Friday, June 21, 2013

Super Heroes Attacking Polar Bears #4: Wolverine

Our recent post featuring the Punisher socking a polar bear in the jaw got us thinking: How many more super heroes have run afoul of the world's biggest species of bear, and what could possibly inspire them to attack an animal that's been listed as a vulnerable species––likely to become endangered––by the International Union for Conservation of Nature?

As you'll see, some don't understand the dire situation that polar bears face, some want to test their mettle against the largest land carnivore in the world, and some just want to get their hands on a warm pelt.

Today's entry: Wolverine

Let's get this out of the way up front: Wolverine doesn't hate polar bears. He's a Canadian, remember. He appreciates all the fauna of the the great white north, including but not limited to mountain beavers, hoary marmots, long-tailed voles and Cascade golden-mantled ground squirrels. And, of course, polar bears.

But Wolverine is also a survivalist. And if the Blackbird breaks down in the Arctic Circle, he's not just going to let himself freeze to death while waiting for one of the X-Men who can fly (i.e. any of the other X-Men) to find time in their schedule to come pick him up. No, he's gonna leave a trail of dead beer cans on his way to the nearest igloo city, and if he has to murder a polar bear and wrap it around himself to stay warm, then by god, that's what he's gonna do

Because Wolverine is the best there is at what he does. And what he does isn't very nice, environmentally speaking.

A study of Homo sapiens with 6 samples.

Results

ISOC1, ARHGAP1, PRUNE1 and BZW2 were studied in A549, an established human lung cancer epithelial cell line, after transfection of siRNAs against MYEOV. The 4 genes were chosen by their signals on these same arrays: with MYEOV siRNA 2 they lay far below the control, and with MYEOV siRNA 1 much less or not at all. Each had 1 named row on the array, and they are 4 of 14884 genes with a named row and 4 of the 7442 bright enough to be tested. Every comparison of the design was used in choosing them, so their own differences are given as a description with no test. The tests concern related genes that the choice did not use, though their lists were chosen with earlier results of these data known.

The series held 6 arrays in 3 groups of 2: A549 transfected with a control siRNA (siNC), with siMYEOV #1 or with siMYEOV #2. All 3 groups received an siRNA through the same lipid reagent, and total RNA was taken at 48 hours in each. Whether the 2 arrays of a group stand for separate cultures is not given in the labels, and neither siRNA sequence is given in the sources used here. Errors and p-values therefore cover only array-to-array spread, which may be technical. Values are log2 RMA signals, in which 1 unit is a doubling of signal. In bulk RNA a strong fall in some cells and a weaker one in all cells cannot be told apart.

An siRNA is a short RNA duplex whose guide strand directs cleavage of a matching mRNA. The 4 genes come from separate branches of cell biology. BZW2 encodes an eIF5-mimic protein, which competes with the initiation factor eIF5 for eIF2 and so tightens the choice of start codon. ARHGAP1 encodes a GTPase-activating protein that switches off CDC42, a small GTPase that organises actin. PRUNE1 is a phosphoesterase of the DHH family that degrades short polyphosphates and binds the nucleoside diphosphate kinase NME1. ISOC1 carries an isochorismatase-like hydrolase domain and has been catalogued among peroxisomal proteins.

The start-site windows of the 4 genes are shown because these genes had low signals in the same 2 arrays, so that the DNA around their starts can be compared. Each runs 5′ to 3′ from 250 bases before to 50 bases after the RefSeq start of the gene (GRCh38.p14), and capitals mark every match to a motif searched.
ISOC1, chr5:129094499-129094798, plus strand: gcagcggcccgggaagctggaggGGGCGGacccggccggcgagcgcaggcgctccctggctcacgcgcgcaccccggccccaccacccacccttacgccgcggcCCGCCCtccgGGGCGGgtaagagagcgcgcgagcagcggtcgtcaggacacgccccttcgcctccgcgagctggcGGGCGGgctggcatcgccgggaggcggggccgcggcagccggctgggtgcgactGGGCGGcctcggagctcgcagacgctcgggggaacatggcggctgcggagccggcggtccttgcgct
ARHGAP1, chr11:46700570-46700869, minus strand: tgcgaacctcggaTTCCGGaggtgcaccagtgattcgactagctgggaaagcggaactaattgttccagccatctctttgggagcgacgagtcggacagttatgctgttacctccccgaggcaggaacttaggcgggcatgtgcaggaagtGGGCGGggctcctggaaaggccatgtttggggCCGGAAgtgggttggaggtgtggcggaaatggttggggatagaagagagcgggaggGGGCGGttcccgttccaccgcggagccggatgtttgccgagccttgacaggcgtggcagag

Murder She Wrote Recaps: S1E13: Murder to a Jazz Beat

Thanks to a uncharacteristic scheduling snafu, Jessica has come to New Orleans two whole days before any of her calendared promotional events. Luckily, she finds herself in the care of industrious cabbie Lafayette (guest star Garrett Morris), who knows literally everyone and everything in town.

Case in point: he brings her to a lengthy French Quarter performance of on-the-cusp-of-stardom jazz musician Ben Coleman, whose subsequent death in the middle of a set is the ultimate improvisational performance. In fact, everybody in the room lets him lie there on the floor for a few seconds, just in case he was simply doing something jazzy.

Jess immediately identifies the subtle, telltale signs of an obscure South American poison, and suspects that Ben’s clarinet was the delivery mechanism. The police disagree, but Jessica keeps pushing the issue—the smoking gun, she claims, is that the clarinet’s reed didn’t have any stains on it even though Ben had just taken a swig of coffee before playing, as many musicians do—until a bandmate breaks down with a tearful cemetery monologue.